Lesson Planning of Patterns of Rhythm, Stress and Intonation

Students` learning outcomes

  • Reproduce in speech, appropriate patterns of rhythm, stress and intonation through listening to stories and poems read aloud in class.

Information for Teachers

  • Intonation Patterns: It is the variation in the pitch of the speaker`s voice used to give information or change meaning.
  • There are three basic pitches in English; normal, high, and low.
  • The normal pitch is where the voice usually moves between middle and high. .
  • High is where the voice rises to indicate information focus.
  • Low is where the voice falls, usually at the end of sentence.

  • Stress: some syllables are stronger than other syllables and called stressed. (When we put emphasis on a word or sentence it becomes a stressed word or a stressed sentence.
  • Importance of stress is that the position of stress can change the meaning of the word.

Stress and Intonation

  • Syllable: syllable is a group of letters that has one vowel (a, e, i, o, u) sound in it.
  • Use of punctuation marks: full stop (.) shows a short pause, exclamation mark (!)
  • Represents emotion like happiness, sorrow, shock, fear, question m ark (?) shows an inquiry of a problem.

  • While teaching the lesson, the teacher should also use the textbook where appropriate.

Material / Resources

Writing board, chalk/marker, duster, textbook


  • Begin by reading an example sentence aloud to the students (for example: Say this sentence aloud. (They saw a beautiful mountain at a distance).
  • Ask the students if they remember anything about intonation from the last lesson.
  • If they do, ask them to read the sentence the first time pronouncing each word slowly.
  • Ask them to read the sentence for the second time.
  • Ask students which reading looked more natural and why it seemed more natural.
  • Recap the differences between stressed words and non-stressed words.
  • Ask students which words in a sentence are stressed and which remain unstressed (i.e. principal verbs (walk, talk) are stressed, auxiliary verbs (is, are, was, were) are not stressed words.
  • All the students, one by one, try speaking the following sentence: I can`t come her tomorrow (using the emotion of sorrow by one student and the emotion of anger by other).
  • (The tone and the pitch for speaking both the sentences will be different-high pitch for anger- low pitch for sorrow


Activity 1

  • Discuss with students that, in English, we give stress some words while some words are quickly spoken (some students say eaten!)
  • We quickly speak, or swallow, a number of words in a sentence.
  • Tell the students that we mostly stress nouns, adjectives, action words, etc. which are also called Contents Words.
  • Write the lines on the board and ask students to read them together:
  • “I won`t go to school tomorrow.” Sadie Husain informed Ali.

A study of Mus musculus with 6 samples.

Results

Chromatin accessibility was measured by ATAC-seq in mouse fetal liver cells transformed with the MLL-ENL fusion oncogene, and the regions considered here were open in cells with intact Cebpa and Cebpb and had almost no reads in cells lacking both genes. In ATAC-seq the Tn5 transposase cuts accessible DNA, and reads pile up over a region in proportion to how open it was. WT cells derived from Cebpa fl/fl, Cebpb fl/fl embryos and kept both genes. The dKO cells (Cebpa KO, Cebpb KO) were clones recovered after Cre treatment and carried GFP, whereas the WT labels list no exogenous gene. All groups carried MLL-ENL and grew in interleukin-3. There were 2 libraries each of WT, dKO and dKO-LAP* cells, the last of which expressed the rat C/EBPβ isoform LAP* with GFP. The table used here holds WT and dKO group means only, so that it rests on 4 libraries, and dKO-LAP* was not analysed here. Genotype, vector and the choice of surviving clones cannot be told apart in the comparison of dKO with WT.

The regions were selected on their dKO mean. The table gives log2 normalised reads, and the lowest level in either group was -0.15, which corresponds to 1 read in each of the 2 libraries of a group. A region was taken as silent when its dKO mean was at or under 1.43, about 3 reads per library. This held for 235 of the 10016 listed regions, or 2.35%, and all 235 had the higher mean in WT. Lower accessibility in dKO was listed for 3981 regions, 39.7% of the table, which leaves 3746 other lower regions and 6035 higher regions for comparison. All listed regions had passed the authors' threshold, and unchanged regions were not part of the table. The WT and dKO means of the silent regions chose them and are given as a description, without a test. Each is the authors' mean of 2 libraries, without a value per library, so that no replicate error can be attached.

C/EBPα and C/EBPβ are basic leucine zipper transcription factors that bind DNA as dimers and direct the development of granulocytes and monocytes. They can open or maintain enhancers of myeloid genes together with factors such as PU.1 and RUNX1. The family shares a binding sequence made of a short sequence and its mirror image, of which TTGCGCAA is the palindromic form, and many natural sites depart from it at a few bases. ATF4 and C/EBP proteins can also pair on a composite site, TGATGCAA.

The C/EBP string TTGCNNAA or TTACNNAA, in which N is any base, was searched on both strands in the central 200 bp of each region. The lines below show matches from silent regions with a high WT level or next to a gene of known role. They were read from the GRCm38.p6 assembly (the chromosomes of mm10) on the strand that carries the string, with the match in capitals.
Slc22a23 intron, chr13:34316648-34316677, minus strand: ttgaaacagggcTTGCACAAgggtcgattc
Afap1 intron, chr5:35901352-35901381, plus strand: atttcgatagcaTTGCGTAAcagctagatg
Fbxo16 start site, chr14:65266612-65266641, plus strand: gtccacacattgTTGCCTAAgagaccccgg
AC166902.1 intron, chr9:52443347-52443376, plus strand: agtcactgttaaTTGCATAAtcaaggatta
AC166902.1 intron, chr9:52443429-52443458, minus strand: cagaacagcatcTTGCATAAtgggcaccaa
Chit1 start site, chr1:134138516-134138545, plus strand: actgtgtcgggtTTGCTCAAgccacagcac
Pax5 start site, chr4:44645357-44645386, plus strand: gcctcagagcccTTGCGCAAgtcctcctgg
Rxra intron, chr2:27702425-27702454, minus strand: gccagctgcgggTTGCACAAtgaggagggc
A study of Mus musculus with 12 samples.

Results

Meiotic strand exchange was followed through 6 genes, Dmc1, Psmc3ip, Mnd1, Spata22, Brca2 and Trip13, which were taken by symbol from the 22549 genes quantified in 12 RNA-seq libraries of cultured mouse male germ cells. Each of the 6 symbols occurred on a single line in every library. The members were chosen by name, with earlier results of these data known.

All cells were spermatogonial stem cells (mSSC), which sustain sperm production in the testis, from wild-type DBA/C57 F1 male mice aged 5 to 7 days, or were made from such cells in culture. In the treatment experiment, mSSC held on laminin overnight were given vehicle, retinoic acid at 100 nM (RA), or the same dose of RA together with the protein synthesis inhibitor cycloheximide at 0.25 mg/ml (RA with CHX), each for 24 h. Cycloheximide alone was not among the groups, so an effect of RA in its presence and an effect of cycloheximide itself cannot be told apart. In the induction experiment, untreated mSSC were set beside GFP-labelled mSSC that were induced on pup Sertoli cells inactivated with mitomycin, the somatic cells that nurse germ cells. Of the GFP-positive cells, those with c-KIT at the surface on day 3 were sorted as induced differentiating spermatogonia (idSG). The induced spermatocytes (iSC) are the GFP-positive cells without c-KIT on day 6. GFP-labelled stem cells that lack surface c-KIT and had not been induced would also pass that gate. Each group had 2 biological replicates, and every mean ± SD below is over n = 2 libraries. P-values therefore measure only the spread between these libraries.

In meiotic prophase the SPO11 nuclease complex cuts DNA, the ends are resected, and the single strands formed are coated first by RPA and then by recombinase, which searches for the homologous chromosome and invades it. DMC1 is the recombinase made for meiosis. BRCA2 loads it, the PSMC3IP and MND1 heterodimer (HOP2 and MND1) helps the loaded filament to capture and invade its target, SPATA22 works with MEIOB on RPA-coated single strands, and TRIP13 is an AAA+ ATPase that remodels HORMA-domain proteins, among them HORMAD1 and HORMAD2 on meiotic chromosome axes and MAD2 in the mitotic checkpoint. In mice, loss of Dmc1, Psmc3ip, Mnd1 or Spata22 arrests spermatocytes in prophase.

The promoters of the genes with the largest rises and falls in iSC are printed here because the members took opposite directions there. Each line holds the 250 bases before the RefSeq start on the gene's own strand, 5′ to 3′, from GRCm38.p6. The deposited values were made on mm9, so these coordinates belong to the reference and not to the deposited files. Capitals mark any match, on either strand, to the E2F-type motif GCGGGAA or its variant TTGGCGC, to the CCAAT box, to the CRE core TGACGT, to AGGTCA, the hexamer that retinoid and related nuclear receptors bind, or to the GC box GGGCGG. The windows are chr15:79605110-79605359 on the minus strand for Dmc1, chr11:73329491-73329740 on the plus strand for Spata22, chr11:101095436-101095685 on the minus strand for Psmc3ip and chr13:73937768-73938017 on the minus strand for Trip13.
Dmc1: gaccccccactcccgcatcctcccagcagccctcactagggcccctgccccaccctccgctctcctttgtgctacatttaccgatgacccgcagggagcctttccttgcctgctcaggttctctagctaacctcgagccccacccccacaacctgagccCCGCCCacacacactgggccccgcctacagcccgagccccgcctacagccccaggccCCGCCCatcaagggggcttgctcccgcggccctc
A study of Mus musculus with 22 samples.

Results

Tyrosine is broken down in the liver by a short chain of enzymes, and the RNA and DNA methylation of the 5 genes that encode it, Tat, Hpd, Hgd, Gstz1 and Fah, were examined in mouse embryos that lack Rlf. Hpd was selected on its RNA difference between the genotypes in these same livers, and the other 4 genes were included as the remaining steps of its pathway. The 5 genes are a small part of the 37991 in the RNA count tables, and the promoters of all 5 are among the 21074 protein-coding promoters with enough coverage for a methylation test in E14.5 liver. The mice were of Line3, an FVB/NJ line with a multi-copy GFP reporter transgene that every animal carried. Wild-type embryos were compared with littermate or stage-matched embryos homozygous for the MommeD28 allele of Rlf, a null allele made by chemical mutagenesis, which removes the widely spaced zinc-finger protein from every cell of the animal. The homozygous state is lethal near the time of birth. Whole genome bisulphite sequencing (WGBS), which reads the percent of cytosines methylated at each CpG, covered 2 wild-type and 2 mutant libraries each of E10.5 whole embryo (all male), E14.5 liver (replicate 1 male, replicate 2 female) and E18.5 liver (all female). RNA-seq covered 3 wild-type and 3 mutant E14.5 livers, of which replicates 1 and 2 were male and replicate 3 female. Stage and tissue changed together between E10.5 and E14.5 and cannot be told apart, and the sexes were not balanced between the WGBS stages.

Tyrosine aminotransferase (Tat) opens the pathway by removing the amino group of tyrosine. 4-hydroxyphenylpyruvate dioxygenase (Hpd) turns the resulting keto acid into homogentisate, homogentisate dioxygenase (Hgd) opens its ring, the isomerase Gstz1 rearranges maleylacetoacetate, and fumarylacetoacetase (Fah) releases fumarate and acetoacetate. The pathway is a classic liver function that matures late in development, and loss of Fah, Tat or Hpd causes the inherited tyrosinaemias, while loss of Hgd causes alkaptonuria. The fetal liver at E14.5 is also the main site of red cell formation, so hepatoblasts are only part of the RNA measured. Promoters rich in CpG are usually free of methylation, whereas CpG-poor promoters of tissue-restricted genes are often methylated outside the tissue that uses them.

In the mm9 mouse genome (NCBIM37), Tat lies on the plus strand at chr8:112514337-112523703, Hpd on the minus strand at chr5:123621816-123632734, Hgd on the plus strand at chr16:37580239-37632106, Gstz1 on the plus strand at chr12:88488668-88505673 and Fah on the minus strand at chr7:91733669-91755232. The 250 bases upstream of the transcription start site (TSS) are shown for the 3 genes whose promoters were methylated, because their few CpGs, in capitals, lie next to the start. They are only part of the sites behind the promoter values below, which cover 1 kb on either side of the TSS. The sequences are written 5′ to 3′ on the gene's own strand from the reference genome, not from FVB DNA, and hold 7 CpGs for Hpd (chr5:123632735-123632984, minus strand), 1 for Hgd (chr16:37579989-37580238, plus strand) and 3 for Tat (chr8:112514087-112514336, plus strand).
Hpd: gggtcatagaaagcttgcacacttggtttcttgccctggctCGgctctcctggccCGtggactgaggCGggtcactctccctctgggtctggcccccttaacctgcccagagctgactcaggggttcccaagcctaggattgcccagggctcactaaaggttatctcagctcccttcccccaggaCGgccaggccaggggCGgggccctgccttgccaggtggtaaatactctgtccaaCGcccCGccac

• “Why not?”
  • “I am going to attend a marriage ceremony. It will be great fun!”
  • “Okay, see you on Monday; then, enjoy your time!”
  • “Thanks. Allah Hafiz!”

Activity 2

  • There is different intonation patterns used for different types of sentences.
  • The intonation pattern for statement is basically the same.
  • The voice starts at a normal pitch, rises at the intonation focus word, falls back to normal after the intonation focus word, and falls to low at the end of the sentence.
  • Tell the students that statements are sentences that report or give information about something, someone or some event.
  • Ask the students to read in pairs the dialogues written on the board and practice the stress and punctuation patterns for five minutes.

Activity 3

  • Write the poem on the writing boar;

Lesson Planning of ‘Wh’ Forms of Questions

  • Model reading where teacher reads and children listen.
  • When children read the poem ask them to stop on a full stop. (.) and count 123 in their heart.
  • At punctuation mark ask them to say 12 in their heart and then starts again; when comma comes let them say 1 in their heart silently.
  • This exercise provides the students with effective training of pauses required to be taken in the spoken text.
  • It is good for producing effective speech patterns.

Activity 4

  • Students read (in pairs) the poem written on the board and practice the rhythm, stress, and punctuation patterns for five minutes.
  • Chanting: students’ reads/recite and repeat.

Activity 5

  • Arrange a class competition and ask the students to reads the poem in pairs.
  • The best pair must get a stare.
Sum up / Conclusion
  • Ask students about the importance of intonation and rhythm in language.
  • Remind them that stress and intonation can change the meaning, and it also makes our speech interesting and expressive.

Lesson Planning of ‘Wh’ Forms of Questions

  • Assess the students through their responses by checking their punctuation.
  • involve the students in solving the problems given in the exercise at end of unit/chapter.
Follow up 

Ask the students to:

Read the following sentences showing the required expression.

Lesson Planning of ‘Wh’ Forms of Questions

    • I can`t come here tomorrow. (Using the emotion of sorrow/anger in their voice.)
    • It is my birthday today.(Expression of excitement)
    • There is a snake in the bathroom.(Expression-fear)
    • Practices reading the poem with stress and intonation.